Advances in imaging technology for early detection of mesothelioma as well as immunotherapy used in multimodal treatments have recently shown great promise to extend life expectancy for mesothelioma patients.
Now, another adjuvant treatment is being developed for treating pleural mesothelioma called non-ablative hypofractionated hemithoracic radiation treatment.
A study published in September 2018 by Dr. Marc de Perrot, the man who pioneered the SMART treatment for pleural mesothelioma, and Dr. John Cho, the resident Radiation Oncologist at The Princess Margaret Cancer Center in Toronto, Canada, outlined the results of a series of tests conducted to determine the viability of this new radiation treatment.
They found several advantages to using hypofractionated radiation to slow or halt future metastasis of this aggressive cancer.
Hypofractionation means that the dose of each blast of radiation administered to the tumor site is higher and more focused, allowing for fewer sessions in a shorter period of time immediately before or following a surgical procedure to resect the tumor.
Normofrationation on the other hand, which is currently utilized more often in the treatment of various types of cancer, is the administration of low doses of radiation, over a longer period, and with more frequent sessions.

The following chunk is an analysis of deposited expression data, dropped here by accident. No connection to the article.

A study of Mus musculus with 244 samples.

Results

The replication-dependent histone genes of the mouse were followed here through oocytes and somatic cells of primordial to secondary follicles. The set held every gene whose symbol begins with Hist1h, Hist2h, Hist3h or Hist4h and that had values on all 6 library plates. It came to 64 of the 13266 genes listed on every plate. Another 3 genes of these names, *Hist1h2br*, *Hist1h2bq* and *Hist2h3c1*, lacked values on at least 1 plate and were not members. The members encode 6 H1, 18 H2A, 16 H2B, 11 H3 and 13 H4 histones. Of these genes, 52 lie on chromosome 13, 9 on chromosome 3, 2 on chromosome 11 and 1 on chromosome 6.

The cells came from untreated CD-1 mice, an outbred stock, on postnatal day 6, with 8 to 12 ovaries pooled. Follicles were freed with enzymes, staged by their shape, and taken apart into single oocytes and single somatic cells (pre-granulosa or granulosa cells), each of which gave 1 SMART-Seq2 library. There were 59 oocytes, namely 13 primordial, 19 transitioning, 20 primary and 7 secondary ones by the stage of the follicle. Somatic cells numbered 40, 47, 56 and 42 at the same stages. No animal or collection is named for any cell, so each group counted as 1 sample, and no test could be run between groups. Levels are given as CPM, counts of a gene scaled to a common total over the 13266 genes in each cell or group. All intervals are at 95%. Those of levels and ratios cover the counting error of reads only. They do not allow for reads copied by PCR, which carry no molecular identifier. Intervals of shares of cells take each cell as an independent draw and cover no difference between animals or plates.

The difference between these two methods is striking given the overall health of the study’s test subjects and their improved prognoses following treatment with the newer hypofractionated method. Patients who have to endure weeks of radiation treatments through the normofractionated method often develope pneumonitis, caused by damage to healthy cell DNA from the longer duration of treatment.
The study highlighted the specific benefits of the hypofractionated method stating that:
“Hypofractionated radiation has several advantages. It can be completed over a few days rather than a few weeks; it can be delivered in the induction or the adjuvant setting in combination with radical surgery; for a given total dose, it delivers much greater biological effect (compared to normofractionation); and, perhaps more importantly, it may provide a specific activation of the immune system directed against the tumor that could provide a platform for immunotherapy.”
Dr. de Perrot went on to say that the hypofractionation method limits and even halts the growth of most tumors in new areas such as the point of entry for surgery, which is often at risk of being seeded by cancer cells during the resection of diseased tissue.
The non-ablative hypofractionated radiation treatment is so encouraging primarily because of its ability to work well as a part of multimodal treatment plans that are being used more often to treat mesothelioma.
Dr. de Perrot also noted in his report that one of the reasons for this success is due to the immune response to non-ablative radiation, which doses are too low to remove the disease at a macroscopic level. When the non-ablative hypofractionated method is used, it triggers immune responses in the tumor cells and causes an upregulation and production of T cells that activate what are known as cytotoxic CD8+ T cells, which speed up cell death.
This opens new doors for patients with more aggressive or advanced stages of mesothelioma since this treatment can be used alongside immunotherapy treatments and radical surgery. With the promising results that this study has produced, it is likely that with more research this procedure could become a standard in care for mesothelioma patients.